One of the side sessions at the South Africa International Renewable Energy Conference (Sairec) on Tuesday focused on energy security and the Africa EU Energy Partnership (AEEP).
Access to energy services and energy security are two major key issues facing the Africa, where more than 600 million people do not have access to electricity or any other modern energy services.
“To guarantee energy access, we need to put in place a strong energy security programme,” said Philippe Niyongabo, African Union commission head of energy division and geothermal risk mitigation facility project Manager.
Niyongabo said there was no doubt that “renewable energy offers much better advantages for Africa, compared to fossil fuels, both for energy access and energy security”.
He said it was a major issue for Africa’s economic growth and development. Niyongabo said it was important is to bring government, the private sector, the public and civic society on board to invest in Africa’s energy access and security.
Niyongabo stressed it was important for Africa to “grow markets and resources that allow for the development of innovative and efficient energy solutions and to look for solutions and partnerships to improve its energy security while bolstering clean energy access”.
He said collaboration was critical for success in ensuring energy access and security, and some of these partnerships include the AEEP, a long-term framework for strategic dialogue between Africa and the EU on key energy issues and challenges of the 21st century.
“The expansion of renewable energy on the continent will be imperative to achieving sustainable energy access, energy security, as well as meeting climate change mitigation objectives at the global and continental levels”.
Niyongabo said AREI aimed to ensure the development of 300GW of electricity by 2030 to “meet a forecasted increase in power demand resulting from increased consumption of households, industry and agriculture, as will as access to electricity”.
The aim would be to ensure energy access for 1.5 billion people by 2040, he said.
In addition, the initiative, he said, which was created following the December 2007 Lisbon EU-Africa Summit, aimed to bring access to modern energy services to an additional 100 million people.
He said one of the goals of the AEEP was to reach the set targets of 10 000MW hydropower; 5 000MW wind power, 500MW solar power and tripling the capacity of other renewables of geothermal and bioenergy by 2020.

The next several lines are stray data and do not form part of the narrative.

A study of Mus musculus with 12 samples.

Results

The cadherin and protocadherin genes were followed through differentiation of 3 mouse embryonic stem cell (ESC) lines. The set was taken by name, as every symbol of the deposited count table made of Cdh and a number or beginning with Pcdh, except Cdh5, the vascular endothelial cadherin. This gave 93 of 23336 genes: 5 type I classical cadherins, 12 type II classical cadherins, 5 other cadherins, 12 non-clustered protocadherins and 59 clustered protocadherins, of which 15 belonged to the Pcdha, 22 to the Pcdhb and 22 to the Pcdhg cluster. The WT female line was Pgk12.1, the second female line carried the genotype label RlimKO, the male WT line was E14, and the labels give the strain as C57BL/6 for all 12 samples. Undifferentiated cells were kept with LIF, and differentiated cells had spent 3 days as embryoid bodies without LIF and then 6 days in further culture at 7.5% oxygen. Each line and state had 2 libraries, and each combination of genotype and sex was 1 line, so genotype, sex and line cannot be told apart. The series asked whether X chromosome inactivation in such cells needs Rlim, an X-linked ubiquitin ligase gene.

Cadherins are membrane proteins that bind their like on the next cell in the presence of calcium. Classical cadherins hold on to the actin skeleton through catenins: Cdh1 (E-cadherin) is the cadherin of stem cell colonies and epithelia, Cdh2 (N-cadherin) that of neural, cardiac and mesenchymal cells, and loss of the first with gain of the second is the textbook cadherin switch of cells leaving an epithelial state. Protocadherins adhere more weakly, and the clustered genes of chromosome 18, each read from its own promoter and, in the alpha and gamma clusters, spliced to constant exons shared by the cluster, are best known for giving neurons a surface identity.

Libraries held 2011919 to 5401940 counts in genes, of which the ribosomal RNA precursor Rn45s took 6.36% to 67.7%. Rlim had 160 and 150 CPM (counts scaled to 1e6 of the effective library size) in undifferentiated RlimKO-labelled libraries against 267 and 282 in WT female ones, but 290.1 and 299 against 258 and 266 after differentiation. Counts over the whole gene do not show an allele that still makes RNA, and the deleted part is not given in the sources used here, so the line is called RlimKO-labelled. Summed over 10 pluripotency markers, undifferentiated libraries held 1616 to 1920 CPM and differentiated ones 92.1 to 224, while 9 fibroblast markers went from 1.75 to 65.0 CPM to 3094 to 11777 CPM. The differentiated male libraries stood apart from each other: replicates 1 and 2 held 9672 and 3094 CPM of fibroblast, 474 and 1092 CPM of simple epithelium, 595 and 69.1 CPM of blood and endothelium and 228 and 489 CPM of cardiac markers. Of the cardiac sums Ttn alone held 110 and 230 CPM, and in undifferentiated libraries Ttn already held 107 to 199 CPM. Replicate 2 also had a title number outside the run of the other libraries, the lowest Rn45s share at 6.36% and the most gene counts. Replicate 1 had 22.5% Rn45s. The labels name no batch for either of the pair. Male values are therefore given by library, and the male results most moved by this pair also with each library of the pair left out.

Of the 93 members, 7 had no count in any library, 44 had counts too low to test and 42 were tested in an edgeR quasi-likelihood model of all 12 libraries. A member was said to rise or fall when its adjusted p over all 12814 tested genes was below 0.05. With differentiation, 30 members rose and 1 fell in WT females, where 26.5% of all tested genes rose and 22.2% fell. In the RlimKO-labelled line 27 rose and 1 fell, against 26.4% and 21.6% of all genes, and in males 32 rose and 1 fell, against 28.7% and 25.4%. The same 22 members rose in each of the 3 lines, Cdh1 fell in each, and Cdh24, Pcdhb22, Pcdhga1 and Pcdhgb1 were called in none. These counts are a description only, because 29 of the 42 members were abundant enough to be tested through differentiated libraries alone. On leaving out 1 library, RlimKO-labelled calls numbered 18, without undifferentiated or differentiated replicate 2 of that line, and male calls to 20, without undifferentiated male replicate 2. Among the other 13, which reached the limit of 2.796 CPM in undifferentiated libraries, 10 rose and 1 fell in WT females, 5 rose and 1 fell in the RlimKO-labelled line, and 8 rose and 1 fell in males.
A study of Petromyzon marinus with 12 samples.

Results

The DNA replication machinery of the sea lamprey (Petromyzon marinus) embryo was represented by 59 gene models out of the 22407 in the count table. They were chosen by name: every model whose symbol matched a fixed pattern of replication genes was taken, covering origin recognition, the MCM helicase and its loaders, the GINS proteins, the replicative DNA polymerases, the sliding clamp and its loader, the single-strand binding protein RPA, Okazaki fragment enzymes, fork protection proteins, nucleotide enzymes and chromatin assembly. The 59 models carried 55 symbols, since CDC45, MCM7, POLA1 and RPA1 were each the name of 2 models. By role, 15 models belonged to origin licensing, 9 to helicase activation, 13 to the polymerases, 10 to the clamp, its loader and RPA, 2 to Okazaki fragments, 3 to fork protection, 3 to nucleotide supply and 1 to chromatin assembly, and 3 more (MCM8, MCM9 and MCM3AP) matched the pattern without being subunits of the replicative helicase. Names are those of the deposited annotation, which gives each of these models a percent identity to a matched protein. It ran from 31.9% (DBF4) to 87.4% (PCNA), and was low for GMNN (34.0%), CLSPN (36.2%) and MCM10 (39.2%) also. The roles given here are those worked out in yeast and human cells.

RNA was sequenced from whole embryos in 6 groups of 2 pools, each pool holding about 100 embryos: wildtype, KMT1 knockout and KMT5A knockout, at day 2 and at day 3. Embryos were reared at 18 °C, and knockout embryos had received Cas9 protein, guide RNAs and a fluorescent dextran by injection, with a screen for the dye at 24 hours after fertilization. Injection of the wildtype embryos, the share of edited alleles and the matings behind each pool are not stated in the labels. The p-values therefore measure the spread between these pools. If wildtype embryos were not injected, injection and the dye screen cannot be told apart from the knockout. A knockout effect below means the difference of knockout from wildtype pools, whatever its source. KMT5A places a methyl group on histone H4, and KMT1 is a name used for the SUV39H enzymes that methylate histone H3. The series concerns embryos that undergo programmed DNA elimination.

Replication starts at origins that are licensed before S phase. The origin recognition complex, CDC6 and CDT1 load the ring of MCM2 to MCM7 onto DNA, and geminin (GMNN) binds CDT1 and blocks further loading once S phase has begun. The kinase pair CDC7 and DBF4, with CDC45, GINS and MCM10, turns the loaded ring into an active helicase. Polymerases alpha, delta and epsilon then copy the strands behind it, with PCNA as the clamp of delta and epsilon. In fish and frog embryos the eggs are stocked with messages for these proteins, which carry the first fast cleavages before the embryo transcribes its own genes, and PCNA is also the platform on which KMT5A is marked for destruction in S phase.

Another AEEP target would be to “double the capacity of cross border electricity interconnections, both within Africa and between Africa and Europe, and double the use of natural gas in Africa and double gas exports to Europe”.
The AEEP has established the Renewable Energy Cooperation Programme which Niyongabo said “is strengthening policy and institutional frameworks, bringing projects to bankability, skills development and capacity building”.
Marie-Hélène Aubert, French Presidency Adviser for International Negotiations: Climate and Environment said: “We see the COP21 as an ideal opportunity to help Africa increase its energy security through the development of renewable energy. The South African International Renewable Energy Conference is a crucial step in this regard”.
Aubert highlighted how “African governments at the highest level have stated their interest in accelerating Africa’s energy transition in view of the COP21 when they launched the Africa Renewable Energy Initiative (AREI), which aims to increase Africa’s renewable energy capacity by 10GW by 2020 compared to business as usual”.
She said AREI remains different because it was an “innovative initiative insofar as it recognises the need for combining public grants and concessional loans to leverage private investments”.
Aubert said AREI would be presented to Africa’s partners at the IMF and World Bank meetings in Lima, Peru this week and the initiative could be featured on the COP21 programme under “Energy Day” on December 7.
“The EU’s vision fits into Africa’s objectives perfectly, and I’d like to congratulate the commission on its leadership”.
Aubert added she hoped this “robust partnership” together with the initiative would go a long way in making “the difference for Africa’s energy future”
Niyongabo said Africa already has in place the Programme for Infrastructure Development in Africa-Priority Action Plan 2015 -2020 (PIDA-PAP) and was in the process of implementing the Hydropower 2020 initiative “which is aimed at stimulating the development of major hydropower projects on the continent through capacity building”.
The PIDA-PAP has 15 energy programmes, including nine hydropower projects, and “a plan to establish 16 500km of transmission lines by 2040 to connect the continent’s power pools and permit a large increase in inter-regional energy trade”.
The plan, he said, included a 4 100km gas pipeline between Nigeria and Algeria, which would supply gas to Niger, Burkina Faso, Mali and Europe, and a regional petroleum pipeline that would link Kenya, Uganda and Rwanda.
The Geothermal Risk Mitigation Facility (GRMF) project, launched in 2012, falls under the African Union Commission, as does the Africa Bio-energy Policy Framework and Guidelines, and the Solar energy development in Africa initiative.
The GTMF is focused on realising 20 000MW of geothermal energy in the Eastern Africa Rift Valley. Nine geothermal energy projects out of 11 have qualified for grants worth $26 million.